The Music Mill managing director speaks to LBB’s Delmar Terblanche about how music supervisors hunt for the right song

5 Minutes with… Bruce Tweedie

Bruce Tweedie didn’t start in the music industry.

“I was in IT for a couple of decades. I worked in big corporations like Accenture, Optus, and Prudential Assurance, mostly in senior management positions. At the end of last century, I was CEO of a dotcom, and when that crashed and burned, like they all did, I started doing some entrepreneurial stuff.”

The music supervisor at Music Mill is happily candid about a background as, as he puts it, “a suit.”  “My corporate background in sales and marketing means that I have a really good understanding of where brands and agencies are coming from.”

“At the same time, I always had a passion for music,” he says, “but I like the other end of it too. The ‘doing deals’, negotiating outcomes with agencies and music companies.”

Bruce’s job now involves a lot of dealmaking. He considers himself a “hunter gatherer”, navigating a network of different demands from creatives, corporates, and artists alike, as he and his team find the right song for the right work. 

“When I say hunter gatherer, I mean we’re different from other music supervisors. We don't own anything. We don't represent any catalogues. All we do is hunt songs down and gather them, so we’re completely objective about the best fit.”

“There's all sorts of different reasons why people use a song. Sometimes it’s because of context; sometimes the song is funny; sometimes it's to generate a particular emotional response; and sometimes it's just a great song. One that'll cut through the background noise of advertising.”

LBB> Tell me about the process.

Bruce> It starts, usually, with the agency creatives. Sometimes the idea might come from the brand, but that’s rarer. At that early stage, one of two things is true: They either know the specific song they want, or they have a general idea and they're open to all sorts of suggestions. 

LBB> Is the one more likely than the other?

Bruce> Typically they'll start with a song in mind. And that’s where I come in. I’ll say to people, ‘you need to know quickly whether that song is going to be available and how much it's going to cost, before you pitch it to your client.’ A lot of the time I can answer that straight off the top of my head. 

LBB> Where’d that knowledge come from?

It's just experience. While there are many millions of songs in the world, there’s a smaller number that we keep getting inquiries about. I know, for instance, what a Queen song is likely to cost for any given set of campaign specs. When you've been doing this for a long time, you develop a sense for it.

Or I might say to people, ‘This song is going to be really difficult and time consuming, so it's fine to pursue if you've got a month or two; or several hundred thousand to spare.’ And if, for whatever reason, the song doesn’t match their needs (or if they didn’t have a song in mind to begin with), we do a music search for them.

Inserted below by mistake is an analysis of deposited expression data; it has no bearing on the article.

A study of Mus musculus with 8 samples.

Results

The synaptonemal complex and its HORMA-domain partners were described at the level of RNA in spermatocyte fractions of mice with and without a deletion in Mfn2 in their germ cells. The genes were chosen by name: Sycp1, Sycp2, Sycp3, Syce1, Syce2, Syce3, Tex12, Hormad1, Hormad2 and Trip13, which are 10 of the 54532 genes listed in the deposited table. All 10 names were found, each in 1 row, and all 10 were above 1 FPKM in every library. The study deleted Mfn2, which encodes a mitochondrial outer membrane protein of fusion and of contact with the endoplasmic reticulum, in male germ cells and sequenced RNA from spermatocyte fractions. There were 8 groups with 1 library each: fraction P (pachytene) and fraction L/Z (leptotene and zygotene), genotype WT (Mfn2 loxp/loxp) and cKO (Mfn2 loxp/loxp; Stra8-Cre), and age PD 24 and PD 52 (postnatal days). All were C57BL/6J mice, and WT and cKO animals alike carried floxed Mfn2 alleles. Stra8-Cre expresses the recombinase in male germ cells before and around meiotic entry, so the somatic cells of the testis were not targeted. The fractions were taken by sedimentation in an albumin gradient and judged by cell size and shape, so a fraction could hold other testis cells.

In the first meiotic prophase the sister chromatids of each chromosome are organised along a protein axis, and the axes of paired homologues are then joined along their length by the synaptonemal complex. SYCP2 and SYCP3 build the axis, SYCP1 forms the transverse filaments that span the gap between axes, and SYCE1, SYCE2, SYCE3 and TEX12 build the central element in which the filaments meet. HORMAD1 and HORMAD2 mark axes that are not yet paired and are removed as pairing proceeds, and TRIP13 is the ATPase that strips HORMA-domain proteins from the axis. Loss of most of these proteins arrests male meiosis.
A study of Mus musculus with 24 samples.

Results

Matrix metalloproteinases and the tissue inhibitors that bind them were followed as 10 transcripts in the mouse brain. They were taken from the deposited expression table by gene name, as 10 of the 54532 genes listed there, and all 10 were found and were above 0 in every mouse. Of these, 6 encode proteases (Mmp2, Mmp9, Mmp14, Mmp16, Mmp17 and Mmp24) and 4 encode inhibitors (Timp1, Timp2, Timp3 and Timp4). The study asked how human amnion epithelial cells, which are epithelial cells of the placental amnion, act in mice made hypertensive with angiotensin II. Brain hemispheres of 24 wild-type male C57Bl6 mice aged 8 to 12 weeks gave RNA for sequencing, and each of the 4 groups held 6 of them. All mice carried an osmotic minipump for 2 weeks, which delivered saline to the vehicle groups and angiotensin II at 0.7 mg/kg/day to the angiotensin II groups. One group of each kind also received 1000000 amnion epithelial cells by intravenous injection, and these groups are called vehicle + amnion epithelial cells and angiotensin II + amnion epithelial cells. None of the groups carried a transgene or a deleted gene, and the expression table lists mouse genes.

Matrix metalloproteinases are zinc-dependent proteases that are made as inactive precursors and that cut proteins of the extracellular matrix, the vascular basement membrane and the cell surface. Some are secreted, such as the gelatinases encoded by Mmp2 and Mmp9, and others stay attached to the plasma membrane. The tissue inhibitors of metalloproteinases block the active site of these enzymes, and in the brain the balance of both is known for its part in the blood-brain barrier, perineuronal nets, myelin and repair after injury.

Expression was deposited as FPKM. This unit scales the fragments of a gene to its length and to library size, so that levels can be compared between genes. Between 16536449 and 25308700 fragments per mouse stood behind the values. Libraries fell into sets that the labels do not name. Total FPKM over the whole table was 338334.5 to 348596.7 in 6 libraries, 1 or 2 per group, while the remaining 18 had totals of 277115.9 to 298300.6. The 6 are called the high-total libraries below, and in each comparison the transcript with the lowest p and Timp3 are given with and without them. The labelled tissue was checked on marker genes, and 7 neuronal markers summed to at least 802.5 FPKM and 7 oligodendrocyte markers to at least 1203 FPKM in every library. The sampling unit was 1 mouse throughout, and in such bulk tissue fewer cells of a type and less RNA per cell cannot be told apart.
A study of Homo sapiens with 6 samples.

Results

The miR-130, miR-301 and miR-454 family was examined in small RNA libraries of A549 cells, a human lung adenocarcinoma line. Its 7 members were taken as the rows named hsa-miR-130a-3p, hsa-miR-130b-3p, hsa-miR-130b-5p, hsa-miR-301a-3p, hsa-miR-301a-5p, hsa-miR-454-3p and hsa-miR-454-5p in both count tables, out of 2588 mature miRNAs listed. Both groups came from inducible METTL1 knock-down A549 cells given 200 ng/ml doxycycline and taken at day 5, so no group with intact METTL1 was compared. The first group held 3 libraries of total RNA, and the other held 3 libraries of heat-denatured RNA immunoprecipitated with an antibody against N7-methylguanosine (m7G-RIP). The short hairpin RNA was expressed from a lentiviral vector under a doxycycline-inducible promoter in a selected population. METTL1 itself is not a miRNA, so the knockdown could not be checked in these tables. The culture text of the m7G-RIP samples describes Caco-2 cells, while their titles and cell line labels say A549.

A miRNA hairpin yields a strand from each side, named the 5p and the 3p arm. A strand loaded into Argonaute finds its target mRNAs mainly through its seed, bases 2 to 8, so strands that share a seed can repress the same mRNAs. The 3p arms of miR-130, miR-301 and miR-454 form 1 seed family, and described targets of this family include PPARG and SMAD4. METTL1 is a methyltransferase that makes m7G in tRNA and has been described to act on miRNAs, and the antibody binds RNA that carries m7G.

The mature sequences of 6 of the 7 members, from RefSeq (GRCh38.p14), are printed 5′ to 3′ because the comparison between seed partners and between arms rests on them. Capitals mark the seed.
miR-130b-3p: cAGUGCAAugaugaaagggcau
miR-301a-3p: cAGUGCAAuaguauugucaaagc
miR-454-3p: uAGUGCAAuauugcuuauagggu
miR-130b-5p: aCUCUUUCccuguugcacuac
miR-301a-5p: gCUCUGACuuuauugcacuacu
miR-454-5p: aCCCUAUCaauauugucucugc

LBB> How does that work?

Bruce> We've got a network of record labels and publishers all over the world that will submit songs to us to match a search brief. Out of that, we'll develop a shortlist of candidates. 

LBB> Tell me about that network.

Bruce> We get two or three emails a week from small companies wanting to be on the ‘pitchers list’ of people that we ask to submit songs. There are way more people who want to submit songs than we can manage. So, in the end, we’ve narrowed it down to an elite panel of suppliers, particularly when we get down into the low-budget areas.

LBB> How do you decide what type of song to use?

Bruce>  That’s an interesting question. The creatives will have developed a music brief. They might be looking for something upbeat or danceable, or something nostalgic, or something contemporary and cool. At the end of the day, when they choose a song, it’s a subjective judgement. And, of course, it’s a discussion. Firstly, we talk with the creatives, and then they have to sell that idea into the client. Sometimes they have different opinions, but there’s no mathematical process. It’s more art than science. 

LBB> Do you think there’s any one secret to cutting through the noise? Or does it vary depending on what song you’re trying to do?

Bruce> Find the right song! Pretty simple idea, but not easy to do.

LBB> What are you proudest of?

Bruce> We did one for Coke via Ogilvy Sydney, a year or two ago, where we found a completely unknown song from a little duo in Nashville called the Danger Twins. They wanted a song that two chefs could dance to in an alleyway out the back of the restaurant. It was fantastic. You find a song nobody's ever heard of, and then you manage to get that into an ad. That's a great feeling of achievement.  We’re also very proud of our involvement in campaigns like the Beach Boys “Wouldn’t It Be Nice” for Tatts Lotto; Fleetwood Mac’s “Go Your Own Way” for Isuzu; and Icona Pop’s “I Love It” for KFC.

LBB> What's your favourite part of what you do?

We work on a lot of jobs that don't come to fruition. In fact, most of them don't complete, and there's a million reasons why they're not finished. So my favourite part of what I do is when a campaign does actually get over the finish line. Then the final TVC arrives, and, after all that, you see the song working like you’d imagined it. That’s quite a remarkable moment.